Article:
Icai recommends stiffer rules after Satyam fraud case
August, 03rd 2010
India's chartered accountancy regulator has urged the government to tighten laws governing the profession to avoid frauds such as the one that came to light at Satyam Computer Services Ltd last year.
A panel set up by the Institute of Chartered Accountants of India (Icai) has recommended that sub-contracting of audit work be more strictly regulated, the names of errant accountants be made public and a corporate governance code be defined for independent directors, audit committees and chief financial officers of publicly listed companies.
The high-power committee made the suggestions in a report to the ministry of corporate affairs (MCA) after its approval by the Icai council, a core group at the regulator entrusted with taking key decisions. The findings were given to MCA, Icai's parent ministry, in May. Mint has reviewed a copy of the report.
"We have made recommendations which are both for better regulation of the profession as also empowerment of auditors in the report," said Amarjit Chopra, Icai president. "The idea is to make sure that scams like Satyam do not surface again."
Hyderabad-based Satyam has been at the centre of India's biggest corporate fraud inquiry after founder B. Ramalinga Raju confessed in January 2009 to having misstated accounts to the tune of Rs7,136 crore over several years. The government asked Icai, one of several agencies investigating the fraud, to look into auditing lapses at Satyam.
"The Icai report is being looked into by MCA," said a senior official at the ministry who did not want to be identified. "It has a wide range of suggestions which the ministry will evaluate and (it will) come up with measures."
The report says all Icai members and auditing firms found guilty of misconduct should be listed on the regulator's website three years after their membership has been cancelled.
Icai is currently investigating the role of S. Gopalakrishnan and Srinivas Talluri, two senior Price Waterhouse, Bangalore, partners who were recently been released on bail. The two were found prima facie guilty of misconduct by Icai along with four others, including V. Srinivas, former Satyam chief financial officer, and V.S. Prabhakara Gupta, former head of the company's internal audit cell.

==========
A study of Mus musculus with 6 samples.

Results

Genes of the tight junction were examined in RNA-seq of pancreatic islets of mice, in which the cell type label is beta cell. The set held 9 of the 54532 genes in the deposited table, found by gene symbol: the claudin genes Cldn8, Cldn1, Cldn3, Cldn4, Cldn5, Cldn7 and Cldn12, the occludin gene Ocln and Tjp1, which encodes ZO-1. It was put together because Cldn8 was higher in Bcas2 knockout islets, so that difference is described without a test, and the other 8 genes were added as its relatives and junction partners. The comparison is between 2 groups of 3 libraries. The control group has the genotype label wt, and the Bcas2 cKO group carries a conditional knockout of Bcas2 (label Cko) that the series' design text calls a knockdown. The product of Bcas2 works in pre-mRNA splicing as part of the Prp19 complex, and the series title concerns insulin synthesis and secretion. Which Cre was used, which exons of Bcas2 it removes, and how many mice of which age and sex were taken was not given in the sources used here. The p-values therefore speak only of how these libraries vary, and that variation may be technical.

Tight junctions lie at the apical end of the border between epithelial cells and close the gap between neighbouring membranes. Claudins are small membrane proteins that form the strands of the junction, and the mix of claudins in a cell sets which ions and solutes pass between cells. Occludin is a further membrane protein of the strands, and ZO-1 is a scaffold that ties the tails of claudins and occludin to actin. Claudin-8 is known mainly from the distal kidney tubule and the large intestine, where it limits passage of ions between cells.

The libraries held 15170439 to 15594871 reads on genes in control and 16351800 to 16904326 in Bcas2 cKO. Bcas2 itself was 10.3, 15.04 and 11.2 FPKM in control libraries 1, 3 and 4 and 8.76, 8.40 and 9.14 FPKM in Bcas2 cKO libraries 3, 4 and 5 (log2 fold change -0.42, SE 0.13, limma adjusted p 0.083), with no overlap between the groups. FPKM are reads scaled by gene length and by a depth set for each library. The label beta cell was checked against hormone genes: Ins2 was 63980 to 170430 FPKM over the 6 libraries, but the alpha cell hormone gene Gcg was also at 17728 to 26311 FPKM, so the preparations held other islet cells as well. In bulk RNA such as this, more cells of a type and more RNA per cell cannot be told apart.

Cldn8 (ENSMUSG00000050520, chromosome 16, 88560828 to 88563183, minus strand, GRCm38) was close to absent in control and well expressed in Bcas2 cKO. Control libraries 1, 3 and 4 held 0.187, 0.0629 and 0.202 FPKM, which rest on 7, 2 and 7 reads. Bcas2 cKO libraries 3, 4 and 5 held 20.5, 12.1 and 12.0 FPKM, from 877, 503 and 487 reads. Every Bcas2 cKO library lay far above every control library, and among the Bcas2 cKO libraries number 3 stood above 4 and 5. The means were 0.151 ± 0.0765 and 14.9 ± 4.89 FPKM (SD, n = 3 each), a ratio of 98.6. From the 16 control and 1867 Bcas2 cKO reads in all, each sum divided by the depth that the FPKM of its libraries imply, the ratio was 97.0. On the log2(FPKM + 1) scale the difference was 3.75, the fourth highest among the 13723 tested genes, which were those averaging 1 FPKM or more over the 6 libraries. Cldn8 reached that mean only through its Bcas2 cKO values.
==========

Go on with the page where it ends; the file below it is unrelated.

Gopalakrishnan, who was an Icai council member, was removed as a member of its specialized committees.
According to the report submitted to the ministry, there had been a failure of corporate governance at Satyam. Investigations thus far reveal that resolutions submitted to banks for loans were not even entered in the minutes of board meetings and that the audit committee was unaware of these transactions.
"Therefore, it is recommended that in the case of listed companies, the details of bank balances, loans, advances, both secured and unsecured, should be submitted to the audit committee every quarter," according to the report.
An audit committee oversees financial reporting and disclosure.
The reports also suggested that sub-contracting of audit work be more rigorous. "It is recommended that if a firm for execution of professional work uses the resources and staff of any other member of a firm of chartered accountants, the same may be done in such a manner that it does not dilute the accountability of the firm which has been appointed by the client," the report said.
The report also wants the government to encourage whistle-blowers on issues relating to corporate governance of listed companies.
Prithvi Haldea, chairman and managing director of Delhi-based research outfit Prime Database, declined to comment on the report. He said, however, the Satyam fraud had more than one facet and was therefore difficult to tackle.
"The Satyam case was a fraud, but nobody has been able to detect whether it was a failure of corporate governance on part of the independent directors or others like the auditors and regulators," he said. "It would be unfair to focus only on corporate governance issues as independent directors in the case of Satyam were neither equipped nor had the time to detect the fraud."